Optimization in SAS: Results

After spending all the time writing up code, next comes the fun part and what we really get paid for in the consulting world. I’m going to walk through three pieces of the results having hit “run”. The three pieces are:

  1. The Log: This contains information behind the compilation of the code, including errors and high level results.
  2. The Results Window (Tab if you are in SAS EG): Contains the default results of having written a basic PROC OPTMODEL.
  3. Graphing the results: Some bonus code at the end to make some sense

First up, the log produced from the program. SAS uses the log in order to print out the model description and the high level results. I’ll skip the boring parts of the log where it reprints the code and get right to the important part. This set of “notes” in SAS describes what was created as the optimization formulation. It will also give the stats around “presolving” the problem and the solution status. SAS “presolves” the optimization problem by removing extraneous information like variables and non-binding constraints.

NOTE: The problem has 3000 variables (0 free, 0 fixed).
NOTE: The problem has 3000 binary and 0 integer variables.
NOTE: The problem has 4004 linear constraints (4004 LE, 0 EQ, 0 GE, 0 range).
NOTE: The problem has 12000 linear constraint coefficients.
NOTE: The problem has 0 nonlinear constraints (0 LE, 0 EQ, 0 GE, 0 range).
NOTE: The OPTMODEL presolver removed 0 variables, 3003 linear constraints, and 0 nonlinear constraints.
NOTE: The OPTMODEL presolved problem has 3000 variables, 1001 linear constraints, and 0 nonlinear constraints.
NOTE: The OPTMODEL presolver removed 8000 linear constraint coefficients, leaving 4000.
NOTE: The OPTMILP presolver value AUTOMATIC is applied.
NOTE: The OPTMILP presolver removed 0 variables and 0 constraints.
NOTE: The OPTMILP presolver removed 0 constraint coefficients.
NOTE: The OPTMILP presolver modified 0 constraint coefficients.
NOTE: The presolved problem has 3000 variables, 1001 constraints, and 4000 constraint coefficients.
NOTE: The MIXED INTEGER LINEAR solver is called.
          Node  Active    Sols    BestInteger      BestBound      Gap    Time
             0       1       2  41528.0754238  41528.0754238    0.00%       1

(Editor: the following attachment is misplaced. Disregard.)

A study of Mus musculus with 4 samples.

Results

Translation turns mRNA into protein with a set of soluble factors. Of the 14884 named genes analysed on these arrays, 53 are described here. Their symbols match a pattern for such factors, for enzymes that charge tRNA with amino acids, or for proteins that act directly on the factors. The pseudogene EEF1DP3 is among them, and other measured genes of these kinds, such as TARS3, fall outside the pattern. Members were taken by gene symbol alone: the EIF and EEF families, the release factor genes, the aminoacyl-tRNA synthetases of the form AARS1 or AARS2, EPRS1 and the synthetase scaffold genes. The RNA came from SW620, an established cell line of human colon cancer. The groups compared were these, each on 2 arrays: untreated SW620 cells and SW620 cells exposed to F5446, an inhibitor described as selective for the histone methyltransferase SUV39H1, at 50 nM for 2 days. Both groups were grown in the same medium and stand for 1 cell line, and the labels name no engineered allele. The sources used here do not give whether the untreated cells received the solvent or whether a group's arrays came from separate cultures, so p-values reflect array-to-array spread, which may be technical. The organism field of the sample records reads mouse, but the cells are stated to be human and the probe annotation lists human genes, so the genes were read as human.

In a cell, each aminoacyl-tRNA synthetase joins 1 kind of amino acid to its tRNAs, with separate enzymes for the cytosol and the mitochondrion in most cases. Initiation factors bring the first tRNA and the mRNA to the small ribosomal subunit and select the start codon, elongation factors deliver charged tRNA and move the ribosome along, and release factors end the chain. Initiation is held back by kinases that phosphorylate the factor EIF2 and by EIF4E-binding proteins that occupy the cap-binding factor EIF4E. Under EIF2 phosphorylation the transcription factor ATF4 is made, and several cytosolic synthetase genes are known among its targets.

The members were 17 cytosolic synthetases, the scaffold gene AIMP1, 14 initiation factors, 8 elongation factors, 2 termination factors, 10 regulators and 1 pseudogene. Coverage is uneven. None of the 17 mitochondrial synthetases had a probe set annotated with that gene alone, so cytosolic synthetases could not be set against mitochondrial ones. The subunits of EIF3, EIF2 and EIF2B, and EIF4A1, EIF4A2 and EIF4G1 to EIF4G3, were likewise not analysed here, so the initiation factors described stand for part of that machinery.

0       0       2  41528.0754238              .    0.00%       1
NOTE: Optimal.
NOTE: Objective = 41528.0754.

Hooray, the model not only solved, but it found an optimal solution. Next part is to check the results of the program. This is where SAS will put all printouts from the procedures used in the program. There are three sections to this problem in the results section. The first one is the test print we had to verify that our data was read in to the model correctly.

The next part shows the model summary. You’ll noticed that this looks like the output in the log, but forced into a table format. I don’t particularly use this table very often other than to verify the size of the table. It can be helpful to note the size of the table in reference to the run-time for the problem.

The last piece shows the solution summary. This gives you some of the relevant information you need to evaluate your model.

The last step for me is taking a stab at visualizing the results produced by the optimization model. Since this optimization problem is relatively simple, I want to color code who was mailed and who wasn’t for each of the products. Since my objective function is the product of Profit and the Likelihood To Apply, I use each as an axis inside of the chart. Below is the simple macro I use to build the chart for each product. First I use SQL to generate a dynamic header for the chart with the total expected profit for that product. I then use SGPLOT to draw the scatter plot.

proc format;
    value mail
        1="Mail"
        0="No Mail"
    ;
run;

%macro graph_results(product);
goptions device=svg;
ods graphics on / antialiasmax=10000;
proc sql noprint;
    select sum(e_profit*lta) format=dollar12. 
        into :profit 
        from results 
        where mail=1
        and product = "&product"
    ;
quit;

proc sgplot data=results;
    title1 "Optimization Results for &product.";
    title2 "Total Expected Profit = &profit.";
    where product = "&product";
    format mail mail.;
    scatter x=e_profit y=lta / 
        group=mail 
        markerattrs=(size=5 symbol=circlefilled)
        transparency=0.7
        name="scatter"
    ;
    keylegend "scatter" / across=1 position=topleft noborder location=inside ;
    xaxis label="Expected Profit" values=(0 to 100 by 20) display=(noticks);
    yaxis label="Likelihood to Apply" values=(0 to 1 by .1) display=(noticks);
run;
title;
ods graphics off;
goptions reset=all;
%mend;

%graph_results(TRAVEL);

Note that it isn’t the greatest picture, but it gives you an idea of the solution. I hope to give the same visualization a shot in Tableau to demonstrate that without coding up a chart, you can still get a nice visualization.

Christopher Teixeira
Christopher Teixeira
Principal Data Scientist

My research interests include using my skills for the public good and playing with baseball data.